Remote work is on the rise, and every day millions of people forgo commuting to an office in favor of working from home.
But when you work remotely, you don’t have a boss hovering over your shoulder to make sure you stay on task. Your achievements revolve around your ability to stay disciplined on your own, and sometimes it can be difficult for even the most driven people to stay focused when working from home.
Here are five tips to help you stay productive when working from home:
1. Keep a strict schedule.
Part of the fun of remote work is the flexibility to craft your own schedule. Work with a cat on your lap at 6 AM? Sure! Finish your report so you can head to a 2 PM yoga class? Why not!
But even the most honest and hard-working remote employee can fall into habits like “Maybe I’ll just run one more errand. Maybe I’ll wash a few dishes. And then start laundry. And now I need to go for a walk to clear my head….”
This can become a slippery slope — one that is difficult to reverse unless you counteract these habits.
On Sunday night, look at your calendar and map out the week ahead. Take note of the important calls and meetings on your agenda, and predetermine what precise hours you will work each day. Consider these hours strict and non-negotiable except for true emergencies.
Sticking to the schedule you create is a practice of following through on your word – a habit that will help you build self-trust and discipline.
2. Remove distractions.
According to a groundbreaking study from the University of Chicago, having your cell phone near your desk will sabotage your cognitive capacity – even when your phone is turned off.
Depending on your job functions, you may be forced to keep your phone nearby for unexpected calls. But if your remote team interacts through messaging and emails, and a random call out of the blue is rare, consider leaving your phone in another room to increase your productivity and focus.
If you feel distracted when working from home: you’re not alone. A number of productivity-boosting tools, podcasts, and apps have emerged in recent years. Here are three popular resources to try if you haven’t already:
- Offtime: An app that helps you reduce the time spent on your smartphone. Available for both Android and iOS
- Brain.fm: A streaming service for brain-boosting music
- The Tim Ferriss Show Podcast: The ultimate podcast for listeners who want to learn productivity hacks and success tips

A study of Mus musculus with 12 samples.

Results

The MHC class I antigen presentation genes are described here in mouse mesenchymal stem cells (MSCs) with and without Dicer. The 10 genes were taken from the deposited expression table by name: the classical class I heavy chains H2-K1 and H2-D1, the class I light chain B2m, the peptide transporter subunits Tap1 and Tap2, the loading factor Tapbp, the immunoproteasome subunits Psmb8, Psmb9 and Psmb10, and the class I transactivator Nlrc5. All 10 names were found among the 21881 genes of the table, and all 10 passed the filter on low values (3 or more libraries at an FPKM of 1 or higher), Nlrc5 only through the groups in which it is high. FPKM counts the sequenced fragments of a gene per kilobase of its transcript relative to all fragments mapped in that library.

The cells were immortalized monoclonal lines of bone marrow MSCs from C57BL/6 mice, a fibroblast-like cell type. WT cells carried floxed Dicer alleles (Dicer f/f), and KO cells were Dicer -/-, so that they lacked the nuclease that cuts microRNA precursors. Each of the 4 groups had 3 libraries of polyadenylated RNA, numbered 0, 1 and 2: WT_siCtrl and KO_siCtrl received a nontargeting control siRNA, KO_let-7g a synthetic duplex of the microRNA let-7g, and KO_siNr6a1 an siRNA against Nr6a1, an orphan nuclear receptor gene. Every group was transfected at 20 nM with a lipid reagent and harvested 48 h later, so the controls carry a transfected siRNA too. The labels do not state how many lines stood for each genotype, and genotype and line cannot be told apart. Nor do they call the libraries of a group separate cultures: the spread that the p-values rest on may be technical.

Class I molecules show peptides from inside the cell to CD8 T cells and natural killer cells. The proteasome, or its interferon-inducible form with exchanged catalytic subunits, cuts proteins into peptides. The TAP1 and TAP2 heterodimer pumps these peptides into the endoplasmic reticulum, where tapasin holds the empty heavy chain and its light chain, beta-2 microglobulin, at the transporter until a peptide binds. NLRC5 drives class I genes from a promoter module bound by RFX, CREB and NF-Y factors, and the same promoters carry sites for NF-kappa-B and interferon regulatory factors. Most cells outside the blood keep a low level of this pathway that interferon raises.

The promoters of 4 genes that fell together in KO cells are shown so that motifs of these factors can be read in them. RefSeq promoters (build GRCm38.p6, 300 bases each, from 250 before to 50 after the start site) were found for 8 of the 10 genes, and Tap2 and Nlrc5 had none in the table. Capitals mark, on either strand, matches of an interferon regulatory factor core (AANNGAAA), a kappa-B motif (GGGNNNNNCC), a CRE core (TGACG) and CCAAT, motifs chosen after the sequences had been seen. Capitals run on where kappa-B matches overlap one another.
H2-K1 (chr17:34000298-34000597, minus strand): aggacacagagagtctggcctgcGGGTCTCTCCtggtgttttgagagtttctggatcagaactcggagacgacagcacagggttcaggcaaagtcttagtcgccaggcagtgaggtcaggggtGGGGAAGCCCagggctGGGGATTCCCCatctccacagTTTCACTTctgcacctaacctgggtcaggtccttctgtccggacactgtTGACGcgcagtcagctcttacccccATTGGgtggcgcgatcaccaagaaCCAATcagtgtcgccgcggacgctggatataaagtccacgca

3. Maintain a productive workspace.
If you worked in a cubicle that was overflowing with junk, candy wrappers, piled-up notebooks, and endless trinkets… your boss would probably take notice. And not in a good way.
Even though your manager can’t typically see your workspace as a remote worker, a clean and productive workspace will keep you feeling focused and professional
If it’s possible to create a designated work area in your home, a separate workspace can reinforce stronger boundaries between work life and home life. Some telecommuters opt to convert an extra bedroom into a home office.
For me, it’s not practical to create a dedicated workspace within my small apartment. So to create a stronger mental differential between work and play, I move my laptop to my dining room table and work from my dining room whenever I’m working remotely. What can you do to make your workspace feel more separate from the rest of your home?
4. Leave your house.
Working from home doesn’t mean you need to stay at home. Coworking spaces are specifically designed for remote workers, freelancers and entrepreneurs who want to work productively and build social connections in an office-like environment.
74% of people working from coworking spaces report feeling more productive. Coworking spaces are free from the distractions of home, and many spaces include amenities like ergonomic chairs, extra computer monitors, and endless coffee to keep you focused and on-task.
Coworking also helps reduce loneliness. Human connection is an important facet of overall well-being, and loneliness has become a growing societal health concern. Studies have indicated that loneliness and isolation can reduce our lifespans a similar amount as smoking 15 cigarettes a day.
If you want to grow your network and increase your productivity as a remote worker, it’s time to give coworking a try.
5. Connect with your remote team.
Even if you work remotely, your team is still a team. Each person you work with is a complex human being with interests, desires, goals, and personality quirks that are worth understanding and embracing. Adding elements of human interaction to your remote teams will help everyone feel engaged and connected.
To add elements of culture and connection to your remote team, you could create a Slack channel for people to share funny-yet-appropriate memes (here at MELD we have a Slack channel devoted solely to cats!).
You could also consider holding a weekly video chat meeting. Even if most things can technically be accomplished by email, having time devoted for conversations, eye contact, and strategic planning can help your team feel more like a team. Building this level of rapport over time will help you navigate future conflicts, problems, or performance issues.
Are you curious to see how coworking might impact your productivity?
At MELD Coworking in Austin, you can work efficiently from our shared space, leave the distractions at home, and become part of our friendly community of remote workers, freelancers, and entrepreneurs.
Sign up for our email list here to claim your free trial day at MELD Coworking. We look forward to getting to know you and working alongside of you!